Lessons in Multi-level Systems Change



The police killings of unarmed Black Americans, and the ensuing protests, have reinvigorated concerns about the footprint of policing in the United States. There have been renewed calls from the public to shift various tasks away from the police.

These calls reflect a set of interrelated problems:

  • Police are called to address many social problems for which they are unsuited to address;
  • Because they are unsuited to address such problems, too often the police fail to solve the problem for which they are called to respond to in an effective or lasting way, squandering societal resources and leaving the social needs that led to the call unmet; and
  • In too many instances, police interactions (inappropriately) result in a use of force and/or arrest.

As a result of these problems, community safety is threatened rather than protected, and perceptions of police legitimacy & trust in the police rightfully suffer. These adverse effects are borne by all of society, but they fall disproportionately on communities of color and marginalized communities. Denver has been a national leader in addressing these interrelated challenges. It was well ahead of the curve in conceiving and planning significant changes prior to the protest movement that sparked reform discussions in other communities, and then, in the ensuing years, implemented and scaled multi-level system improvements. Denver’s strong start and promising experience, although still evolving and unfinished, provides important lessons for public safety professionals, elected officials, community leaders, and residents across the country.

The most prominent change undertaken in Denver is the addition of the Support Team Assisted Response (STAR) program. Established in 2020, the STAR program is a mobile crisis response van that pairs a Mental Health Center of Denver (MHCD) clinician and a Denver Health paramedic or emergency medical technician (EMT) to respond to incoming calls-for-service related to mental and behavioral health, substance use, and homelessness instead of the police. The program has generated significant excitement from community members and government officials alike, but until now there have been many unknowns regarding this large-scale change to first response in Denver.

In this report, we present shared learnings from conversations with residents of Denver’s communities most affected by policing and other first response practices, and municipal actors from multiple agencies within the Denver government about their perceptions, ideas, and attitudes toward reducing the scope of policing, increasing the use of alternative responders to address community needs, and other ways to transform first response systems. We found it critical to incorporate both community and government in this study, as all too often each group does not hear or understand the views of the other. Through our case study of Denver, we generate an in-depth understanding of the motivations for and complexity of transforming first response more generally and explore an issue that numerous jurisdictions across the U.S. are interested in understanding.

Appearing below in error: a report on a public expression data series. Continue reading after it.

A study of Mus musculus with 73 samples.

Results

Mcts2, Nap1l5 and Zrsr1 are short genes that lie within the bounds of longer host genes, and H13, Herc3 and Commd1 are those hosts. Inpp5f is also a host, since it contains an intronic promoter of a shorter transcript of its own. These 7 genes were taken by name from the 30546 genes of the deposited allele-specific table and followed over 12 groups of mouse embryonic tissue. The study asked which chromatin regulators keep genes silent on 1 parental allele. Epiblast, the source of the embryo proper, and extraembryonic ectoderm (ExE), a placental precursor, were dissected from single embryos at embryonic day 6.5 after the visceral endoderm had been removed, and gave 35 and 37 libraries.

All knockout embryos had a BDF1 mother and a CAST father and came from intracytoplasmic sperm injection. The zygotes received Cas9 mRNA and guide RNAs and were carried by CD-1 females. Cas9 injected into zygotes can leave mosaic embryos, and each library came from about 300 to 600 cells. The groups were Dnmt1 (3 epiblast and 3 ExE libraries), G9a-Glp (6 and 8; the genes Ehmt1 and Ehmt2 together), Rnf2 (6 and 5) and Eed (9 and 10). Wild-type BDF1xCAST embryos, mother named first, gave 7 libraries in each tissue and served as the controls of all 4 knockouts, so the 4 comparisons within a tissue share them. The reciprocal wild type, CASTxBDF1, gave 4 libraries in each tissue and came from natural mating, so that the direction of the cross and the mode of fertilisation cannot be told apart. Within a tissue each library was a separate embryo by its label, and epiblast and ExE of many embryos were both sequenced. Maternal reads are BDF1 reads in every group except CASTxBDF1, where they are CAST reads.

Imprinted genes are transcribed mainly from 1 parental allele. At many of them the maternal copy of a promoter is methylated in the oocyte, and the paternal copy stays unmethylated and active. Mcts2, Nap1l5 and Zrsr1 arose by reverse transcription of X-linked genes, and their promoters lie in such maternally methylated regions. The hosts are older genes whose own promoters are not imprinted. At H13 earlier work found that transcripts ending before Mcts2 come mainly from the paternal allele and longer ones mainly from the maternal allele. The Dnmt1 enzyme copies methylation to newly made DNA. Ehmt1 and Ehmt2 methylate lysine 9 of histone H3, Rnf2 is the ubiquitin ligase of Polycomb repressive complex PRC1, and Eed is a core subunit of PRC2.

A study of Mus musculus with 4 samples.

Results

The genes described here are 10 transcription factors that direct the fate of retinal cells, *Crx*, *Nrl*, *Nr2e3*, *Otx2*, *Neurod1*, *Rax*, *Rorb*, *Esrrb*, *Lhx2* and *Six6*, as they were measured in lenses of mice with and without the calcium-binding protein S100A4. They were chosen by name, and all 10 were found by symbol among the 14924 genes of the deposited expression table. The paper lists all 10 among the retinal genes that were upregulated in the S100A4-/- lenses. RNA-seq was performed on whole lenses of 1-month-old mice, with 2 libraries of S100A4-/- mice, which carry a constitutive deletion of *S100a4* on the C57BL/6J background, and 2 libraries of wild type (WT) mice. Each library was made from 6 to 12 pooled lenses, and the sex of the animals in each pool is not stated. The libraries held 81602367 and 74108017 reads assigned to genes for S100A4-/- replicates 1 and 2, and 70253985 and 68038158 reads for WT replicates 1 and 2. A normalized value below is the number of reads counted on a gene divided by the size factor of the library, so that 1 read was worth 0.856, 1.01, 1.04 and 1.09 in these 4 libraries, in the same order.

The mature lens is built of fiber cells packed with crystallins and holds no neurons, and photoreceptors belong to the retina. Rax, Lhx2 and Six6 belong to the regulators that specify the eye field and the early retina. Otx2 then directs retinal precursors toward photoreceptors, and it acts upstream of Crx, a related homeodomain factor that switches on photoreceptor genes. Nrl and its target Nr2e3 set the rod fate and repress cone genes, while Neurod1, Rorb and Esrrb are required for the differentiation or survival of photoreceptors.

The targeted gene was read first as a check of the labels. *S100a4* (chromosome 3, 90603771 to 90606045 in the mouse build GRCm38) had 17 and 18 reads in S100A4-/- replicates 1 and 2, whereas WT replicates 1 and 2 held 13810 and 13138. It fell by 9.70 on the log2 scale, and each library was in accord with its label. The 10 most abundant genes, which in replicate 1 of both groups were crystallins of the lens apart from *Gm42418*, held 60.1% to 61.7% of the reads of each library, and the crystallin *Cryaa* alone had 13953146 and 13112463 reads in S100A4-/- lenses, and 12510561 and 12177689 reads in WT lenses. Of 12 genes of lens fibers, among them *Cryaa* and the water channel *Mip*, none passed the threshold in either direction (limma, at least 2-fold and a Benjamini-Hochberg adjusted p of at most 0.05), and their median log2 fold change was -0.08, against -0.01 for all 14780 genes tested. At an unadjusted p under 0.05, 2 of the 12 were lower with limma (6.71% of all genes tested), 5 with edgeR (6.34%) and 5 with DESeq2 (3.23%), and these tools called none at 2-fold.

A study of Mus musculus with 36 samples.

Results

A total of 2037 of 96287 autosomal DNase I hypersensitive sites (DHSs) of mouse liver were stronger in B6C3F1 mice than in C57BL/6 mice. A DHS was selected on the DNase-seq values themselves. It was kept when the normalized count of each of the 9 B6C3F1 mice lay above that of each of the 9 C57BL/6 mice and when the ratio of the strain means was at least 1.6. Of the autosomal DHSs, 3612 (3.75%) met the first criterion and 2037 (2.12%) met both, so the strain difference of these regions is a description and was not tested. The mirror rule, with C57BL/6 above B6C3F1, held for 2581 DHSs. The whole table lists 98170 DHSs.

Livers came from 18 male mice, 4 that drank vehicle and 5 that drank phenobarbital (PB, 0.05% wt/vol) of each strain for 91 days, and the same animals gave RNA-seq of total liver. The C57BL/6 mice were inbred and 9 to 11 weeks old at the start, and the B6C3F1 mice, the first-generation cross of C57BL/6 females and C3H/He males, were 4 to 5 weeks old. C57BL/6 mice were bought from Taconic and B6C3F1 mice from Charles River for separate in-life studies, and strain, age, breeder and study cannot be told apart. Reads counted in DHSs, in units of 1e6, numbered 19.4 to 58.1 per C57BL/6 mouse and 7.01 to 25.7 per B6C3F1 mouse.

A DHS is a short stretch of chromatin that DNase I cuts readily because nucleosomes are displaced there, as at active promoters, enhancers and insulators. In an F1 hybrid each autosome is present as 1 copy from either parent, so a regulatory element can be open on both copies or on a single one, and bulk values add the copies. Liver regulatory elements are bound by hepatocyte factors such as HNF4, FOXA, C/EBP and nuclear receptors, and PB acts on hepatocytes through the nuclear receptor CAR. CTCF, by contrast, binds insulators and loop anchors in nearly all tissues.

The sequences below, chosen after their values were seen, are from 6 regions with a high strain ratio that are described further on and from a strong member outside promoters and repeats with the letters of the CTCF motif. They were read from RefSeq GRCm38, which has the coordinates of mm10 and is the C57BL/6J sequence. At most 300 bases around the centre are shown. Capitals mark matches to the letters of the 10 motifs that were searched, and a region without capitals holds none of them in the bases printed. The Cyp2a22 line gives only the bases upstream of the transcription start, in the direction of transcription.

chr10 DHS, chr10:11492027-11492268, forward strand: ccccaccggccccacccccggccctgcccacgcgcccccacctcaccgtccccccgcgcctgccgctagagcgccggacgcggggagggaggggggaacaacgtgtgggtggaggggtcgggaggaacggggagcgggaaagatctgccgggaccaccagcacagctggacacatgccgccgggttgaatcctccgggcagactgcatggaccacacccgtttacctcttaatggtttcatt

Our objectives in this report are to:

  • Shine a light on how communities motivate and implement organizational change; and
  • Put government and community in open and transparent dialogue with one another regarding first response practices.

To accomplish our objectives, we investigate a series of research questions in this study. Given the two-pronged nature of our work (e.g., learning from community and municipal actors), the Reimagining Public Safety (RPS) research team pursued two distinct, but at times overlapping, lines of inquiry. Below we present key research questions from each team.

Research Questions:

Municipal Actors

How do municipal employees, practitioners, and organizational actors define public safety?

  • What does public safety mean?
  • How can it best be achieved?
  • Who is in charge of providing it?

How do municipal employees, practitioners, and organizational actors define public safety?

  • What motivated the change?
  • What do municipal actors believe police should be spending (and/or not spending) their time doing?

How is the first response system changing?

  • What do municipal actors believe are the goals of changing their first response model? How do stated goals align with measures of program success?
  • What is being changed (e.g.,policy, practice, mindset)?
  • What are the barriers (or lack thereof) Denver faces when implementing an alternative response program? How are front-line workers overcoming the challenges they face?

Community Members

How do community members define public safety?

  • How do community members characterize organizations’ and professionals’ roles and responsibilities for establishing public safety?
  • What do community members perceive as the most effective sources of public safety services?
  • What stage of readiness for change best characterizes community members?
  • What are community members’ perceptions of recent changes within Denver’s public safety system?
  • What first response services are unavailable, inaccessible, or unusable?
  • Where, how, and from whom do community members want to obtain first response services and support?

Note: “Community members” refers to city residents most affected by policing and other first response practices.